To Fish Or Catfish? Some Kids Choose The Outdoors Over Screen Time
Fewer people are fishing than in the past, but at Free Fishing Day this past weekend, quite a few Vermonters turned out. And the state is encouraging more kids to get involved in this Vermont tradition.
At the Little Anglers Derby in Colchester on Saturday, almost 50 kids showed up with their families for an afternoon of fishing.
The event was organized by “Let’s Go Fishing,” a division of Vermont’s Fish & Wildlife Department designed to encourage families to learn the sport.
Karl Hubbard is an instructor with the program. He says fishing can be exciting.
“It’s the thrill of the chase,” said Hubbard. “It’s the going out and seeing if you can catch the fish. Once you catch the fish, trying to identify it. It’s just being in the outdoors and seeing the quality of life that is out there.”
This year, the youth event happened to coincide with Free Fishing Day. That means adults who would normally need to buy license could fish with their kids at no cost. Hubbard is chatting with the Relyea family, who have three generations represented here.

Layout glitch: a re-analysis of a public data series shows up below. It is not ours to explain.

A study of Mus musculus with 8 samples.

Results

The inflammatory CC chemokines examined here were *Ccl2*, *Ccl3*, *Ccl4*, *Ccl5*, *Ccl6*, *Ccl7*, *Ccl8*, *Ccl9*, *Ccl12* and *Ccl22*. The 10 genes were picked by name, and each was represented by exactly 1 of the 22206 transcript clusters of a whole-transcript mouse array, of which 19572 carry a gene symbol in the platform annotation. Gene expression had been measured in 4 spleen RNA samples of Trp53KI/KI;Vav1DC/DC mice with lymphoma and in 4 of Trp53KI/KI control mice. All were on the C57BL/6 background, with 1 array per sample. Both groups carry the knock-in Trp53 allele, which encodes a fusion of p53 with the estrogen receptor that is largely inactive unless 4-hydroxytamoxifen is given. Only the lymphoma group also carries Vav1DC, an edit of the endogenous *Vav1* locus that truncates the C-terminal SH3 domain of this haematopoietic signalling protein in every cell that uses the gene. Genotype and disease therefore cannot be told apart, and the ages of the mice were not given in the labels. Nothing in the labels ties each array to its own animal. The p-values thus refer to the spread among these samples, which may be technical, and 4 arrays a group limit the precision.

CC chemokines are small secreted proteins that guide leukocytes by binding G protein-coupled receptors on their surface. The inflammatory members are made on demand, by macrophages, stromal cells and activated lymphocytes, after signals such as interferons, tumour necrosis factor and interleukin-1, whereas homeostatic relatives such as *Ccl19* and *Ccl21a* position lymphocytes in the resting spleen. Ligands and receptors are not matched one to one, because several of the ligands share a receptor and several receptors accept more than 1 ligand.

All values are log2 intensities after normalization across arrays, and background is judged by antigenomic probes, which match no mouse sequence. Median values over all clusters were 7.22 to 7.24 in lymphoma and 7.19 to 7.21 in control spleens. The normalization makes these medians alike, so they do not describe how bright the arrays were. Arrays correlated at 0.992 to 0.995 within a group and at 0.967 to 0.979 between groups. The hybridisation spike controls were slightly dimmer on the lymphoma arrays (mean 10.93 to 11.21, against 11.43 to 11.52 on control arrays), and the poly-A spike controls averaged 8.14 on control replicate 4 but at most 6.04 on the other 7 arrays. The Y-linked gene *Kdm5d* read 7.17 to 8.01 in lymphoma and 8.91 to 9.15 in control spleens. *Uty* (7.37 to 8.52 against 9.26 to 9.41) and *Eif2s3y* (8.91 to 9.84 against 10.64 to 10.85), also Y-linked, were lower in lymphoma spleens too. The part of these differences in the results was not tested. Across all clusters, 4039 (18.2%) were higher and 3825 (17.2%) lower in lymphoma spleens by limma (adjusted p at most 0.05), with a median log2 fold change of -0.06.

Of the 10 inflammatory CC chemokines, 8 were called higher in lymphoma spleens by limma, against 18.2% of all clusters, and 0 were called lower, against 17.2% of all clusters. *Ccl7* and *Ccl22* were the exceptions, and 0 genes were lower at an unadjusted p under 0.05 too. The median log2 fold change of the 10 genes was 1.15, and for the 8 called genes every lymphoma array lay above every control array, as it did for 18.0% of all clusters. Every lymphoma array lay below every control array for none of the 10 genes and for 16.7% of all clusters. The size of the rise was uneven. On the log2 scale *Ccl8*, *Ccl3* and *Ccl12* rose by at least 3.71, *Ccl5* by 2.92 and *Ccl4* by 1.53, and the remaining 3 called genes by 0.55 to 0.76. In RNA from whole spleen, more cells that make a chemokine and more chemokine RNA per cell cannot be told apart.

Caden Relyea is 11. His grandfather taught him how to fish when he was about five. He has some advice for anyone thinking about taking up the sport.
“You have to have a lot of patience if you want to go fishing, because you want to wait for the fish to bite,” said Relyea. “You don’t just want to cast out and reel in every five minutes.”
Relyea says the biggest fish he’s ever caught is a seven pound bass. He hasn’t caught anything yet today. Just then, he feels something on the line and reels it in.
“It’s a white perch, and a bass,” said Relyea, immediately identifying the fish.
Relyea says he stays inside and plays video games sometimes, but for him, being outside is more fun.
That might be refreshing for outdoor enthusiasts to hear, because the number of hunting and fishing licenses purchased has been on the decline for a few decades now.
And Fish & Wildlife officials acknowledge that as parts of Vermont become more suburban, fewer people have a direct connection to the outdoors.
Karl Hubbard says programs like “Let’s Go Fishing” are a gateway for families that might not otherwise fish.
And he says that the sport is just part of bigger lessons the program teaches about care for the environment.
“They’re the ones that are going to be taking care of our environment. Fishing is just all a part of it,” said Hubbard. “We teach how to manage the water. We talk about water quality, we talk about watersheds, and what happens at the top of the watershed affects everything downstream. A lot of the kids really do understand that.”